With the constant demands for our attention and always being “on”, it’s easy step over what we’re feeling. Stepping over our emotions may appear to be “productive” or helpful in the moment, but the down side of this approach is that emotions don’t go away, they simply settle into our system and build. These built up emotions often end up releasing in an external explosion onto others leaving a wake of destruction. Or maybe even worse, a build of emotion can also implode internally. When unexpressed emotions implode, they can leave you feeling overwhelmed, anxious or stuck.

Naming what you’re feeling can be a powerful way to start productively exploring your emotions so they don’t explode or implode. Naming feelings opens a doorway for the energy of the emotion to move out of your system. Once it’s out of your body – either through verbal or written expression – the emotion loses some of its power and leaves you with a bit more space and resourcefulness to continue your exploration.

When emotions begin to build, it can be tough identifying what you’re feeling.

It can be challenging to name an emotion because feelings can be a very visceral experience and words don’t always accurately describe the embodied experience of emotion. Another reason naming emotion is tough is because very few of us were taught a  vocabulary specific to our feelings. So if you weren’t raised with a robust emotional vocabulary, let’s start with the basics. There are seven basic emotions – sad, mad, scared, happy, surprise, embarrassed, and disgust. So when an emotion takes hold, you could start be asking yourself, “Am I sad? Mad? Scared? Happy? Surprised? Embarrassed? Disgusted?”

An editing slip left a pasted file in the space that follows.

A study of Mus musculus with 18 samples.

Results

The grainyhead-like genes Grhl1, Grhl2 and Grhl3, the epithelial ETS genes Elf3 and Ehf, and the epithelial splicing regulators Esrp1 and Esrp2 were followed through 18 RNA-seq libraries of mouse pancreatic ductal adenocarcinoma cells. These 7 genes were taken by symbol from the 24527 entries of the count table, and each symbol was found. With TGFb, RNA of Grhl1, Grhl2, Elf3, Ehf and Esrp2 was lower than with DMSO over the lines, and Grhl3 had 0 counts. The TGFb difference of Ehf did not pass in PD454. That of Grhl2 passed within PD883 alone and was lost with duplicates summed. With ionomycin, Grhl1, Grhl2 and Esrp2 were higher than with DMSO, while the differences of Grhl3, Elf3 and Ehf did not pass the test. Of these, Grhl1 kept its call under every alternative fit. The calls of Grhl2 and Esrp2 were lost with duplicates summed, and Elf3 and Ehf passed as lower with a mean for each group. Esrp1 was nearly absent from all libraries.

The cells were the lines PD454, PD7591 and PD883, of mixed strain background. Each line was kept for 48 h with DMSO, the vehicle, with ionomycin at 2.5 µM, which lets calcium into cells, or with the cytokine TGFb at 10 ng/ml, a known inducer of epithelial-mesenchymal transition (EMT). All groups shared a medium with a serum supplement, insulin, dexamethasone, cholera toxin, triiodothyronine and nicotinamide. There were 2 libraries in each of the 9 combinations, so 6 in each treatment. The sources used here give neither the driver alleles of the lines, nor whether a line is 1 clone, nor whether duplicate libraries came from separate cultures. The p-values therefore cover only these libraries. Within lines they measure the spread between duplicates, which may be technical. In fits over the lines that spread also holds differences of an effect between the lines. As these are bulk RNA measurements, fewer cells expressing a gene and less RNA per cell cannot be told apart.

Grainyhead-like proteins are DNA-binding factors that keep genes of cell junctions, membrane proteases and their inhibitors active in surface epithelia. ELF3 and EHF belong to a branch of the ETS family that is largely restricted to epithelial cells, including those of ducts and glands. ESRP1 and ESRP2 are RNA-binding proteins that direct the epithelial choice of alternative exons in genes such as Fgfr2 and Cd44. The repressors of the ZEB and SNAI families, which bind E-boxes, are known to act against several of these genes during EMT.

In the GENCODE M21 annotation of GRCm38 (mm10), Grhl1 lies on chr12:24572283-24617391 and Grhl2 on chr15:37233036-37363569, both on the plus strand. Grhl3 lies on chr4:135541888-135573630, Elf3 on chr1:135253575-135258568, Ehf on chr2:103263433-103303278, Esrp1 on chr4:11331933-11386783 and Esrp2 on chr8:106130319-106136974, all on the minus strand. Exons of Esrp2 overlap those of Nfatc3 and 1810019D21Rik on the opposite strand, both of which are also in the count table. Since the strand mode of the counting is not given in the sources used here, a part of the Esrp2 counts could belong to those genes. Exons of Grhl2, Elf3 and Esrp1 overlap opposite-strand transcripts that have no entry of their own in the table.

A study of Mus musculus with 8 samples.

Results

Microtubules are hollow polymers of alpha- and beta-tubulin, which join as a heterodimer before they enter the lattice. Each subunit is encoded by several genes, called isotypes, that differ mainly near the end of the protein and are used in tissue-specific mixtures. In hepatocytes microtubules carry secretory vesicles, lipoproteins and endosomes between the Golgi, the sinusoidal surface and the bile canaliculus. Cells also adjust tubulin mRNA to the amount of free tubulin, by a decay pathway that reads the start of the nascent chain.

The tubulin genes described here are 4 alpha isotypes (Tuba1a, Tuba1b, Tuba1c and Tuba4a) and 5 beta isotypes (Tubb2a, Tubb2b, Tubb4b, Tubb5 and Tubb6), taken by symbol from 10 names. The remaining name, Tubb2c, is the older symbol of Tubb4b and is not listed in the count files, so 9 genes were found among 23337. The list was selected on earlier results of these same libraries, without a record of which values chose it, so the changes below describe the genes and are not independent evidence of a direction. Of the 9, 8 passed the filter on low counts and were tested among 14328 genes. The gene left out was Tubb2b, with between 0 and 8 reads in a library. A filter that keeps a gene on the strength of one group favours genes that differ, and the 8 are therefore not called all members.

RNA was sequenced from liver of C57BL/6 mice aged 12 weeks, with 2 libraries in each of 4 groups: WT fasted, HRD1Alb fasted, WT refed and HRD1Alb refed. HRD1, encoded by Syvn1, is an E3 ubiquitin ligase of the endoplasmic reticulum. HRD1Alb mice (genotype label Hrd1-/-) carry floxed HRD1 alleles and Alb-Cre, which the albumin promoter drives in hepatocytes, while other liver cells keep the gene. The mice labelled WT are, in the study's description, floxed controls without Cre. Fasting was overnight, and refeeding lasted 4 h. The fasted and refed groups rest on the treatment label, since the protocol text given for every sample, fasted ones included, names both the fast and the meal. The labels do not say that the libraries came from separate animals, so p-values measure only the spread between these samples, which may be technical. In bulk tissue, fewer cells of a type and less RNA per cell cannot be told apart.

These basic emotions can be the doorway to staying present and curious about the emotional experience.

When I work with adults, it’s often helpful to have an even more robust and nuanced list of feelings and body sensations to help pinpoint the experience. Pulling from the Hoffman Institute resources, I put together this List of Feelings to help articulate the wide variety of feelings and sensations we all experience when emotions kick in. This is both a tool to help identify your emotions, as well as a way to expand your emotional vocabulary. The more language we all have (adults and children alike) the more equipped and open we become in processing our emotions and deepening our emotional maturity.

Naming emotions can be a helpful tool to move from autopilot to the present moment.

If you notice you’re putting more energy into “figuring out” the feeling, rather than actually feeling the emotion, then I recommend you let go of the list (and the struggle of figuring it out) and instead, do something that will deepen presence in the moment. That might be slow physical movement like walking or yoga, tuning into your body sensations, meditating or even singing. Ultimately being present with what is happening will always be more helpful than wracking your brain trying to figure it out.